Roving Rabbis

Jews on a Cruise

May 26, 2015 4:45 PM

You’ve probably seen Chabad rabbinical students like us, standing at street corners and inviting Jewish passersby to don tefillin, light the shabbat candles, or accept a holiday treat. Only we weren’t in a Jewish hub like New York City, Paris, or Tel Aviv, but in the small town center of the Western Australian city of Fremantle.

We had been at our post for over two hours, and had met and distributed matzah to several Jews, both tourists and locals—quite a success for a place like Fremantle. We were about to head home when we noticed a distinguished-looking gentleman approaching us.

“Excuse me, are you Jewish by any chance?”

“No, I'm not.”

“Can we ask if you have any local Jewish friends?”

“Well actually, I'm not from here,” he replied. “I'm on a cruise and we have a short stopover before traveling again. But it’s funny that you ask me, because I’ve heard that there is something Jewish that will take place on the ship, something called a Seber.”

We quickly realized that he was referring to the Seder. We thanked him, and then our brains went into overdrive: How would we get some matzah to the Jewish passengers on the cruise?

As we neared the water, the magnificent ship, the Queen Mary II, came into view. There was a drawbridge leading to the ship, and we briefly contemplated boarding and giving the matzah to the crew to pass along, when out of the corner of our eyes, we saw a middle-aged couple walking in the direction of the ship.

We had to try our luck.

“Excuse me, are you Jewish?”

They stared at us, wide-eyed. “Yes, we are!”

We quickly discovered that Alan and Sara were from England, and enjoying their long-awaited vacation. The last thing they expected was for Chabad rabbis to approach them and give them handmade matzah (enough for all their Jewish friends, and some Passover guides as well) for their Seder! They thanked us profusely, and then they disappeared into the ship, precious package in tow, while we recounted the incredible Divine Providence we had just witnessed. This was the only day we had scheduled to spend time walking through town—all the other days were jam packed with appointments, home visits, shopping and preparing for the Seder. We happened to bump into the person who told us about the ‘Seber’, and from the thousands of passengers aboard the ship, we met Alan and Sara! It’s doubtful we would have succeeded in convincing the crew members to let us board this exclusive ship, or to distribute the matzah for us.

It was clear as day that G‑d had guided our steps, as emissaries of the Lubavitcher Rebbe, Rabbi Menachem Mendel Schneerson, of righteous memory, to have the great privilege to supply matzah for the Jews celebrating the Seder on a luxurious ocean liner in the middle of the Indian Ocean.

Seder for 200... Plus 60!

May 6, 2015 10:41 PM

It was Tuesday night—three days before Passover—when we landed at the Jorge Chavez International Airport in Lima, Peru. Since Lima is a popular destination for Israeli backpackers, we knew we would be hosting a large Seder. We divided our time between visiting the local hostels to invite people to our Seder, and preparing for the actual event.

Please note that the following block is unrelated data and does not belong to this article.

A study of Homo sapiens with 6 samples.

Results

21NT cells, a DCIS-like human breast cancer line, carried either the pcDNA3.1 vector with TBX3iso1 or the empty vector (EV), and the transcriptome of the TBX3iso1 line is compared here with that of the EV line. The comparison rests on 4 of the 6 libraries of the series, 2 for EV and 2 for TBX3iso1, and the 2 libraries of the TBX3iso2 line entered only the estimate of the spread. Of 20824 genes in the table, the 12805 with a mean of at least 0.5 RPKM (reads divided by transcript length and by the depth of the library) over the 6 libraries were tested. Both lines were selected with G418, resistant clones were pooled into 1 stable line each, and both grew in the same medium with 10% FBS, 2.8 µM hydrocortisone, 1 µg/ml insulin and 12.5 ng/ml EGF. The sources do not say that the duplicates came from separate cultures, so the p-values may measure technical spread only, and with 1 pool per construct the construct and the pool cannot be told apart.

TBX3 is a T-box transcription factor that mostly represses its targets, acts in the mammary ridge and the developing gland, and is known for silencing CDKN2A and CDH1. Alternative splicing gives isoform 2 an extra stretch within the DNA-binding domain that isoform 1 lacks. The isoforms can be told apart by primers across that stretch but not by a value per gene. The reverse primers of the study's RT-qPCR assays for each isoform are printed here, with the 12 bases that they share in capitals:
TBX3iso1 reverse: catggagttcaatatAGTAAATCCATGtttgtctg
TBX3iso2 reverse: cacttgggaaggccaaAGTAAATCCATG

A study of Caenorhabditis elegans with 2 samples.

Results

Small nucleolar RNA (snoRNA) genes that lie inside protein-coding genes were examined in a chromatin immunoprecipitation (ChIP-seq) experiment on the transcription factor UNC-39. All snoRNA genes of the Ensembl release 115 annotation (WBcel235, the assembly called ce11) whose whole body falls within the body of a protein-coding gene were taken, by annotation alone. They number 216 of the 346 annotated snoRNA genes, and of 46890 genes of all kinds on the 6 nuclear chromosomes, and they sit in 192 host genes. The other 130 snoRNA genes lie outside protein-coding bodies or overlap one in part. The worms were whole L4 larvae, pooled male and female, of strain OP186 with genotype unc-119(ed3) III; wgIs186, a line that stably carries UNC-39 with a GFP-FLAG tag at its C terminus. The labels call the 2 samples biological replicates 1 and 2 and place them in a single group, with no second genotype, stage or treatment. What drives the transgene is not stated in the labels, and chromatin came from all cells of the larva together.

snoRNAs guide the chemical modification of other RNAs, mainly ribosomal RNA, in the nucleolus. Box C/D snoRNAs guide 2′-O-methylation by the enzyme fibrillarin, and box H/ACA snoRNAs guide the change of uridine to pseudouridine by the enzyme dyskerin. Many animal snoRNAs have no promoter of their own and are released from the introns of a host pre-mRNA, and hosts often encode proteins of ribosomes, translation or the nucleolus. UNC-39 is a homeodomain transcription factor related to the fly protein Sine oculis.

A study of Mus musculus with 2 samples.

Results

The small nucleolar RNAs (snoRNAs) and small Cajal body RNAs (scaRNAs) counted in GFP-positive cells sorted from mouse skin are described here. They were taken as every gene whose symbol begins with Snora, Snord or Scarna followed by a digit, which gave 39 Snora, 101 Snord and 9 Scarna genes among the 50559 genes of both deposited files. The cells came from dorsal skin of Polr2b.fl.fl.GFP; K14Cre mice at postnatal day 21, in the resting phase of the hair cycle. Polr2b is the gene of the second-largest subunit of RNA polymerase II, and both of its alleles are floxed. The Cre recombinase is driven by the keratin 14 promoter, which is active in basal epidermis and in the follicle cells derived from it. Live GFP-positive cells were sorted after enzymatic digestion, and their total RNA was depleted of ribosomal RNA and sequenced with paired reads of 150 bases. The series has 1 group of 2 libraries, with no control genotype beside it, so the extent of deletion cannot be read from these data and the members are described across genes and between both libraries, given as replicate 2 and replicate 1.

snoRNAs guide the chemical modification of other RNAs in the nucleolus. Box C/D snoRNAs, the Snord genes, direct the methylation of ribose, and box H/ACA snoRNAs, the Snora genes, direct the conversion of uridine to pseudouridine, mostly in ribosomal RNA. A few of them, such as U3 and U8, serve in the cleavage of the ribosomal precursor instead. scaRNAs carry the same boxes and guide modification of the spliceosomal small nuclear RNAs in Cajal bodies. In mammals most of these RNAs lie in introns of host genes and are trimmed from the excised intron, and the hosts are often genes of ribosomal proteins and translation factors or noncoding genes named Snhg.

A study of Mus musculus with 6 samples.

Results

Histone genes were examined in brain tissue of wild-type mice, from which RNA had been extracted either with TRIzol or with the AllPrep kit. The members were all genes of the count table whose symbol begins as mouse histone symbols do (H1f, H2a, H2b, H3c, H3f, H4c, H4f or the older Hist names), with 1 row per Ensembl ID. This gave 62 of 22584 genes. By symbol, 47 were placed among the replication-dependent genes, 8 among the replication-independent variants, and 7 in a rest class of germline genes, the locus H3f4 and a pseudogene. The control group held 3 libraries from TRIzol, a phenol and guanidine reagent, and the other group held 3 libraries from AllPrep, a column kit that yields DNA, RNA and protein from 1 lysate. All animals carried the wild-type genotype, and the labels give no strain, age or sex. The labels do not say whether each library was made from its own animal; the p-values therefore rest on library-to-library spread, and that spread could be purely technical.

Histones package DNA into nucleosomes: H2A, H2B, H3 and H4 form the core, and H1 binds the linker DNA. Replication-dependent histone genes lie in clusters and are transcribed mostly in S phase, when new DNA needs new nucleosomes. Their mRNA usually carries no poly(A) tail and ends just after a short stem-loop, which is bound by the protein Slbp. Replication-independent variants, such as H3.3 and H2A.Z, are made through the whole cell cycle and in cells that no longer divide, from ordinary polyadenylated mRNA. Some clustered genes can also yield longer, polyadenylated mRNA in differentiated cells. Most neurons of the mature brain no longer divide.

Having witnessed the full gamut of reactions in past years, it was particularly gratifying when the Israelis received us so warmly, and happily agreed to put on tefillin. When they stopped by the Chabad center, we stopped whatever we were doing to make them feel welcome. Rabbi Blumenfeld, Chabad rabbi to Lima, operates a kosher restaurant in the Chabad center where hungry travelers can grab a bite to eat. We supplemented this with some spiritual nourishment, offering them the opportunity to put on tefillin and sign up for the Seder.

A whirlwind of activity lead up to the Seder night. We were expecting 200 people and had set up 20 tables in a massive tent. Thank G‑d, we made sure to prepare extra food, because 60 more people showed up! We quickly arranged seating for them and proceeded with the Seder. It was a spiritually uplifting and heartwarming evening. For three hours, we read the hagadah, ate, told stories, sang and danced. Even after we’d officially finished the hagadah, many stayed on to delve deeper into the message of Passover.

Over the next two days, we received tremendous feedback. “It was a real Passover, spent with family,” and “What an experience!” were the most common sentiments. Between services, meals, schmoozing, and the second Seder, the time passed quickly, and we soon found ourselves at the airport once again, this time minus all the boxes of Passover goods. It’s safe to say that we were the only ones present wearing kippahs and tzitzit, so we weren’t surprised at the odd looks thrown our way. But then, a middle-aged gentleman approached us.

“Shalom!” he said.

“Hi, shalom to you, are you Jewish?” we asked.

“As a matter of fact I am! I’m Max from San Francisco.”

We quickly found a quieter place where we could sit and talk with Max, a CNN reporter returning from assignment in Lima. When we learned that had not had the opportunity to eat matzah yet, we pulled several pieces out of bag, which Max accepted gratefully. “Now I feel like it’s Passover,” he told us.

We spoke for over an hour, covering a wide range of Jewish topics. At the end of our conversation, we mentioned that even though he didn’t attend the Seder this year, the final days of the holiday were approaching, and he could relive the Passover experience then.

Max was pensive for a moment. “You know what, because I met you guys here, I am going to make every effort to go to synagogue and have a holiday meal when I get back home.”